Harwood: Carson and Rand Too Sensitive To Questioning, Cruz Isn’t

CNBC Chief Washington Correspondent and New York Times Political Writer John Harwood argued that GOP presidential candidates Dr. Ben Carson and Sen. Rand Paul (R-KY) are too sensitive to tough questions, while Sen. Ted Cruz (R-TX) is better at handling tough questions in an interview set to broadcast on Tuesday’s “Hugh Hewitt Show.”

Harwood discussed an interview he did with Carson during which Carson argued that Hewitt “was so gleeful about thinking that he had caught me on something,” during a questioning on the Baltic states and NATO on Hewitt’s show back in March. After hearing the exchange between Hewitt and Carson, and his own interview with Carson, he remarked, “if he thinks that you were gleeful in trying to trip him up, that suggests to me that the defense mechanism and the instinctive aversion to the back and forth of questions is very powerful in him. And it’s not just liberal media, it’s anybody closely questioning him.” Hewitt also stated that he didn’t think that Carson know the Baltic states were in NATO.

Harwood added, “There’s a defensiveness there that, you know, I think he’s — as he gets out on the trail, if he’s going to be a durable candidate, he’s going to have to overcome that, I think.”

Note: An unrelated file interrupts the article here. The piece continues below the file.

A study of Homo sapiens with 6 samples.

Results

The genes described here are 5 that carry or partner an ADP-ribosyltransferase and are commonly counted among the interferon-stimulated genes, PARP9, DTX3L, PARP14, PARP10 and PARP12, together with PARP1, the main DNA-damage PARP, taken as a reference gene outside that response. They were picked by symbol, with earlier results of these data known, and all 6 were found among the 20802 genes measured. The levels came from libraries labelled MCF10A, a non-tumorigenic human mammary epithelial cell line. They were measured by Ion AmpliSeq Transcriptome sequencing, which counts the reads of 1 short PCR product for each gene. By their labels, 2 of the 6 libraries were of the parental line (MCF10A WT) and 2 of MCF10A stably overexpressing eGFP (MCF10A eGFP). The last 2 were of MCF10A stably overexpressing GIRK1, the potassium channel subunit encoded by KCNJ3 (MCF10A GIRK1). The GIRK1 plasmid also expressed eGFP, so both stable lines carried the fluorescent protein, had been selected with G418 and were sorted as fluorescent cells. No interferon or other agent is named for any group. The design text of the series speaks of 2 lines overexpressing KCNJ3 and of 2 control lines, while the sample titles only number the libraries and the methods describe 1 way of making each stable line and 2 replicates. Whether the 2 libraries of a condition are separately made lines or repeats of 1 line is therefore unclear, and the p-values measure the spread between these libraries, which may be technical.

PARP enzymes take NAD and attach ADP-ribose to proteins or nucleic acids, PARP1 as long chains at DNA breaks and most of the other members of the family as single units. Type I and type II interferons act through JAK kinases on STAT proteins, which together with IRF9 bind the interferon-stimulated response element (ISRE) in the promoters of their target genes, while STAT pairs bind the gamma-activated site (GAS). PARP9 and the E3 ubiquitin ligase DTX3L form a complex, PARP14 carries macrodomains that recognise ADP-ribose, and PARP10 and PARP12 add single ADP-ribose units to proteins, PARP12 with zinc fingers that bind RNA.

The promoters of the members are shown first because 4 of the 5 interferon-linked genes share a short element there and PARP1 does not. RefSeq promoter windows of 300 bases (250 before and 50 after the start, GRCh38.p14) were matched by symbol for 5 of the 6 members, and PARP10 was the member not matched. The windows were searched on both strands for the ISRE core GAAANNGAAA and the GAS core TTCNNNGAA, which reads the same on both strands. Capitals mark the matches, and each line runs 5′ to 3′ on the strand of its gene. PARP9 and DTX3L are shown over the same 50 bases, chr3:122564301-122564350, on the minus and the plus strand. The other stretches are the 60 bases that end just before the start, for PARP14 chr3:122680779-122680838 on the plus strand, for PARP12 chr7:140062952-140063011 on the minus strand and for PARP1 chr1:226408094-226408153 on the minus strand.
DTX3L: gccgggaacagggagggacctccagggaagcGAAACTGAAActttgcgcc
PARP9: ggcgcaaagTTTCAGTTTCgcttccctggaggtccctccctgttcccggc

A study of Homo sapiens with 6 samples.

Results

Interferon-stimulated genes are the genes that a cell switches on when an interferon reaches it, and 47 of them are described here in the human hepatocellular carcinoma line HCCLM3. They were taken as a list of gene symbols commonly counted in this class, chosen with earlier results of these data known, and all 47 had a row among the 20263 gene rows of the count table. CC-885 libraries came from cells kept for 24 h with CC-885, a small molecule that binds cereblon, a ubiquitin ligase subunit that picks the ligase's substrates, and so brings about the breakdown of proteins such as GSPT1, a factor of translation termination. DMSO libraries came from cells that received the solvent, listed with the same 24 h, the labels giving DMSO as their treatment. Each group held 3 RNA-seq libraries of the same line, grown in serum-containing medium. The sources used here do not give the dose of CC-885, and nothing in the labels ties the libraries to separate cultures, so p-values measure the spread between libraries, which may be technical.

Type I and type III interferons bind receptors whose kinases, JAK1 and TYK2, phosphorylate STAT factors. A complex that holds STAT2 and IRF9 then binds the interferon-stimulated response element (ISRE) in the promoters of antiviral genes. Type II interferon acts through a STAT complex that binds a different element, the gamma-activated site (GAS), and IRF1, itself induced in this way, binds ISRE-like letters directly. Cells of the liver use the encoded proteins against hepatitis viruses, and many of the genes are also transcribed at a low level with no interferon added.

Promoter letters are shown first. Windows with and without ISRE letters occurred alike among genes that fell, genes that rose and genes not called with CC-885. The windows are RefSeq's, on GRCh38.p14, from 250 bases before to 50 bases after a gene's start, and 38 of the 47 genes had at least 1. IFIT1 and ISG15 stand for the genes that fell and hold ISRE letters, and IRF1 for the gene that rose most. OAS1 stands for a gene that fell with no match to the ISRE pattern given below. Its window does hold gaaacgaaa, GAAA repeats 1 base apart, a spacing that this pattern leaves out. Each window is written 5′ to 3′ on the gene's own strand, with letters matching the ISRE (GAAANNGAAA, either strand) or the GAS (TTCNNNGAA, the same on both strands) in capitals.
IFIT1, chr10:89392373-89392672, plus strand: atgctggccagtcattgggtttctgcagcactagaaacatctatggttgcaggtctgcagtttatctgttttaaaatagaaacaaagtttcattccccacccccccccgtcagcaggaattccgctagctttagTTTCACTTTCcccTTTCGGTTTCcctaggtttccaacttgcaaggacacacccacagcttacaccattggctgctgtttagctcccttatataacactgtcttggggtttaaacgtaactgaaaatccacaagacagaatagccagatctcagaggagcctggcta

Hewitt then played fellow presidential candidate Ted Cruz’s interview with Mark Halperin. He said, “Now John Harwood, contrast that with my conversation with Ben Carson. If I were — Cruz kept his calm through that when it’s obviously gotcha, and Ben Carson is still kind of ticked off over a non-gotcha. That’s not good, actually.”

Harwood agreed, stating, “I see it exactly the same way that you do, and you know, he’s not the only one who — in this race who is prickly at questions. Rand Paul does not like being questioned in a skeptical way. Many people have experienced that, including me. I interviewed him on the radio a couple of years ago, and he bristled at some of the questions. And I remember thinking at that time if you’re going to play Major League Baseball in a presidential campaign, you’ve got to be able to stand in, you know, stand in the box and watch the fastballs come.”